STORY OF THE MIDDLE FINGER

Well, now......here's something I never knew before, and now that I know it, I feel compelled to send it on to my more intelligent friends in the hope that they, too, will feel edified. Isn't history more fun when you know something about it?

Before the Battle of Agincourt in 1415, the French, anticipating victory over the English, proposed to cut off the middle finger of all captured English soldiers. Without the middle finger it would be impossible to draw the renowned English longbow and therefore they would be incapable of fighting in the future.

This famous weapon was made of the native English Yew tree, and the act of drawing the longbow was known as "plucking the yew" (or "pluck yew"). Much to the bewilderment of the French, the English won a major upset and began mocking the French by waving their middle fingers at the defeated French, saying, "See, we can still pluck yew!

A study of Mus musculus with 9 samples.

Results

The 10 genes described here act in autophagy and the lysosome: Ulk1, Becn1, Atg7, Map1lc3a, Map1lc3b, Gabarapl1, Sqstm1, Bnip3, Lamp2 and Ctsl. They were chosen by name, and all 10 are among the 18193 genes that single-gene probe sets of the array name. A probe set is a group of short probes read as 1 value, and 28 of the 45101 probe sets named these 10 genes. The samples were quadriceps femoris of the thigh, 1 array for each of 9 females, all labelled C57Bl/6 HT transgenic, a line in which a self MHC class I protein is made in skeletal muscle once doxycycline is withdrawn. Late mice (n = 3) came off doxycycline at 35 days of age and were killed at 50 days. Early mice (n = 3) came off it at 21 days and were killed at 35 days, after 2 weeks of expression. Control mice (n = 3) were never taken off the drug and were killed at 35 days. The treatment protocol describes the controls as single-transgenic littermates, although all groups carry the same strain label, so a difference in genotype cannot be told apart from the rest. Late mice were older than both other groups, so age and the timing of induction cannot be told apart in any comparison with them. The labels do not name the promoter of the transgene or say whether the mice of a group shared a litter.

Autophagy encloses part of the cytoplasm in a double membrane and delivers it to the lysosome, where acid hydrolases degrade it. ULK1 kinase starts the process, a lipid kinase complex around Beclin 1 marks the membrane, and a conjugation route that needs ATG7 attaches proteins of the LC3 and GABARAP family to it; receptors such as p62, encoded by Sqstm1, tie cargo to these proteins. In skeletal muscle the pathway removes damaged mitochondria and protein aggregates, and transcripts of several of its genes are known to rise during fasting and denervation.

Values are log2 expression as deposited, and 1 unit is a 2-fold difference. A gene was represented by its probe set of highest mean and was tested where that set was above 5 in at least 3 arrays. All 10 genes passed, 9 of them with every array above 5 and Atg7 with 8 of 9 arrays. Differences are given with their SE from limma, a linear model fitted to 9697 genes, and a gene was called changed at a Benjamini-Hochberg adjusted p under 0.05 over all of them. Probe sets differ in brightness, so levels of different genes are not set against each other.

"PLUCK YEW!"

Since pluck yew is rather difficult to say, the difficult consonant cluster at the beginning has gradually changed to a labiodental fricative F and thus the words often used in conjunction with the one-finger-salute!

It is also because of the pheasant feathers on the arrows used with the longbow that the symbolic gesture is known as "giving the bird."

And yew thought yew knew everything

Created by admin
Last modified Thursday, Dec-23-2004 04:16 PM

Re: Fingers

Posted by mikehoy at Wednesday, Jan-11-2006 12:33 PM
The French apparently only cut off the middle finger of AMERICAN archers in the 15th Century! For ENGLISH archers, they cut off the forefinger as well, hence the traditional English 2-fingered salute.

The actual origin of the American single "finger" gesture has more to do with bodily insertions than bows and arrows.